Rothamsted Research scientists have confirmed that crop chemicals can replace fossil fuels in many common everyday items.

They have recently bio-engineered a plant to produce a range of industrial chemicals, the majority of which are usually obtained from fossil fuels.

The class of chemicals – a group of molecules called 4-vinyl phenols (VPs) – are widely used in the manufacture of products such as food and make-up.

The breakthrough came when researchers altered a metabolic pathway in the oilseed plant, camelina, and diverted it to make derivatives of these potentially useful products instead.

This is the first time this has been achieved in plants, and the crop has already been tested successfully in the field.

Using crops to produce the raw materials for industry could reduce society’s reliance on petrochemicals.

“In turn, this which would help the move to net zero,” said Rothamsted’s Dr. Guillaume Menard.

He added:

“It’s amazing just how many everyday products are made from, or contain, chemicals extracted from crude oil and its derivatives.

“We all know the issues around the continued extraction and use of fossil fuels.

“But turning camelina plants into ‘green factories’ to make substitutes for these petrochemical compounds is a great sustainable alternative.”

Camelina is an emerging oilseed crop that is increasingly being used to produce a range of speciality food and non-food products in Europe and North America.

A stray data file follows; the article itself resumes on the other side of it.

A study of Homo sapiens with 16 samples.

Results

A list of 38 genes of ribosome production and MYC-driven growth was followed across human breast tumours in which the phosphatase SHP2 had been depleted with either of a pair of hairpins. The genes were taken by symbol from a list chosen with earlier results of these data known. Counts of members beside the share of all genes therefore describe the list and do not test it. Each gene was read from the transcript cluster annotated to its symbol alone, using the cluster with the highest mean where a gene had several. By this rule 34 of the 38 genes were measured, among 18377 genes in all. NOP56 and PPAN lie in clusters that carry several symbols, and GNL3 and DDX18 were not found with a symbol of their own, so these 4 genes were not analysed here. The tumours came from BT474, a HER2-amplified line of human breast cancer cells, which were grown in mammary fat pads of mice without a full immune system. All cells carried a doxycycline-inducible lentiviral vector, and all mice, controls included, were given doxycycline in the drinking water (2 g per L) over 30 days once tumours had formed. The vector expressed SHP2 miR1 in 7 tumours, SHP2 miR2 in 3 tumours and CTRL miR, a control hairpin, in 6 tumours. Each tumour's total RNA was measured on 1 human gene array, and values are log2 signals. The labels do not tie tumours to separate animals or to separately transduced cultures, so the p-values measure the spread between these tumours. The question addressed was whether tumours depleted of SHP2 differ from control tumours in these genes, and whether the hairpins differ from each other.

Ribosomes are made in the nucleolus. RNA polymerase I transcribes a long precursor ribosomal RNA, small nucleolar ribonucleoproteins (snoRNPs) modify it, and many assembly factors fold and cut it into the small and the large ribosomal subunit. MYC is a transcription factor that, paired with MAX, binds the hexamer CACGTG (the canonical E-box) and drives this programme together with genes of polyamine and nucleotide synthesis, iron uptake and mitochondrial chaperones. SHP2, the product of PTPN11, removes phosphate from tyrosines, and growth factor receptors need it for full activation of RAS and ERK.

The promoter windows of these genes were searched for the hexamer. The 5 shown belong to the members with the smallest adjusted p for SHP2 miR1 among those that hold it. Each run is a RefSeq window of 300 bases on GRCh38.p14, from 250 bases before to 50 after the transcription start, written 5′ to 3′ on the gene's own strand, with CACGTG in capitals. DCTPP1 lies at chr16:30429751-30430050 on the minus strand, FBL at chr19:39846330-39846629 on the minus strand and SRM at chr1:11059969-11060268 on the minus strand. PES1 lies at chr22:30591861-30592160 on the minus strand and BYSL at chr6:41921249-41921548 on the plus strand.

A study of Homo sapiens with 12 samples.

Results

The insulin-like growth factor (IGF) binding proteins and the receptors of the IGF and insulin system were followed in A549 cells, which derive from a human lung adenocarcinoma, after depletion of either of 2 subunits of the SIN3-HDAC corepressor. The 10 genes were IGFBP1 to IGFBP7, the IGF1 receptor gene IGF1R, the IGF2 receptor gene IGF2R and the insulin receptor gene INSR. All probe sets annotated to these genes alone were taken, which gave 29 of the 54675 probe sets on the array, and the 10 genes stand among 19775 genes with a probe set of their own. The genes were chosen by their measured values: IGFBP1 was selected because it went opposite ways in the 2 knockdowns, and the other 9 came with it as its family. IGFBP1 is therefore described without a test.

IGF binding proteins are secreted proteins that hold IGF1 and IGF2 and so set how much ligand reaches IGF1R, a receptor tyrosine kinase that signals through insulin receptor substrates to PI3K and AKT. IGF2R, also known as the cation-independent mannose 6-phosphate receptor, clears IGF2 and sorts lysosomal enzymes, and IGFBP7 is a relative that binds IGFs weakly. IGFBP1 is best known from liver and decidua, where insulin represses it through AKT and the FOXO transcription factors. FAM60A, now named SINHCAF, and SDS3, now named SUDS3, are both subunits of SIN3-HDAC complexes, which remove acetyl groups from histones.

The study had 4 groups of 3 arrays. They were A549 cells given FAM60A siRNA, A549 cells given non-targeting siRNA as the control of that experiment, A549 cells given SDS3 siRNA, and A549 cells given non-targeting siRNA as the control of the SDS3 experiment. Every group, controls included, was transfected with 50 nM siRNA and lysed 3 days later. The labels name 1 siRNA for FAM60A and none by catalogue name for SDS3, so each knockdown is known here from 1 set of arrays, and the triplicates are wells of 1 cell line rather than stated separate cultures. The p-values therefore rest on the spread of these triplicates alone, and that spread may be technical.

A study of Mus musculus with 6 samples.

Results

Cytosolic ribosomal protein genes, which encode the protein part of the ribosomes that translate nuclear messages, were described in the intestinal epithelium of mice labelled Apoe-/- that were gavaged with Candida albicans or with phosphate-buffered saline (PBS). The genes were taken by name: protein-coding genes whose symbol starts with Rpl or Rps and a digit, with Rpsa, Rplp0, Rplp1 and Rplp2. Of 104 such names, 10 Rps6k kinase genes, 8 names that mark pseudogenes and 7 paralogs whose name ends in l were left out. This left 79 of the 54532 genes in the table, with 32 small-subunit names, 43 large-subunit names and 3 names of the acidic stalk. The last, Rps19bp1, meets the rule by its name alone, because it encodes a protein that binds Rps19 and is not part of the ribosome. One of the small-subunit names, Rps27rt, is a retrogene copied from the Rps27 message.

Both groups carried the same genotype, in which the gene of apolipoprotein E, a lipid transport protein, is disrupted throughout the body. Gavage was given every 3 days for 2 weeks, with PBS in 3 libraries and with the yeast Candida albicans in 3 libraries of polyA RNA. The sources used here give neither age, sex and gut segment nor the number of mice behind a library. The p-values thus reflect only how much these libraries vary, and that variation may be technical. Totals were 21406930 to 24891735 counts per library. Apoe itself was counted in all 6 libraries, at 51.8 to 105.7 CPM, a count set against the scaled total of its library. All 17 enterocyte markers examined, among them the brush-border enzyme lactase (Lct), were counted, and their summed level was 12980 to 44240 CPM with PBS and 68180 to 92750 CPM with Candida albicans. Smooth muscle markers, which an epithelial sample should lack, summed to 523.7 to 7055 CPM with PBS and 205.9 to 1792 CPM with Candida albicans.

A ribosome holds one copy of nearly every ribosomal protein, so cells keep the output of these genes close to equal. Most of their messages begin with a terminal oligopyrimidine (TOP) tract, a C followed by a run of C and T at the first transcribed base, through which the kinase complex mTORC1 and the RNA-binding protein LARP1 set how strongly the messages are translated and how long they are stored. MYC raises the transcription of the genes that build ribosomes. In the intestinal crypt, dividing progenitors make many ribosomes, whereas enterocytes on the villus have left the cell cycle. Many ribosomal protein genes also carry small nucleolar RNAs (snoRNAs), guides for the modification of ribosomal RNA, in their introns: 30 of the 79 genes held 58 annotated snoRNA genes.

In developing this project, the researchers at Rothamsted inserted a gene into the camelina plants so they expressed a tailored bacterial enzyme in the developing seed.

In turn, this redirected the plant’s usual metabolic pathways so rather than producing sinapine from the chemical, hydroxycinammic acid, they instead produced the 4-VP molecules, either in a free form or attached to plant sugars.

Presently 4-VP molecules are commonly used flavour and aroma compounds for food and cosmetic products.

The members of the Rothamsted research team have been impressed by the accumulation of these 4-VP derivatives, with the bacterial gene driving a 95% reduction in sinapine content in seeds of both glasshouse and field-grown camelina.

 “This is a great start,” confirmed Rothamsted’s Prof. Peter Eastmond.

“But the ultimate goal is to get the plants to manufacture all the 4-VP molecules in their industrially useful free form.

“We anticipate that step may be doable with more conventional breeding methods.”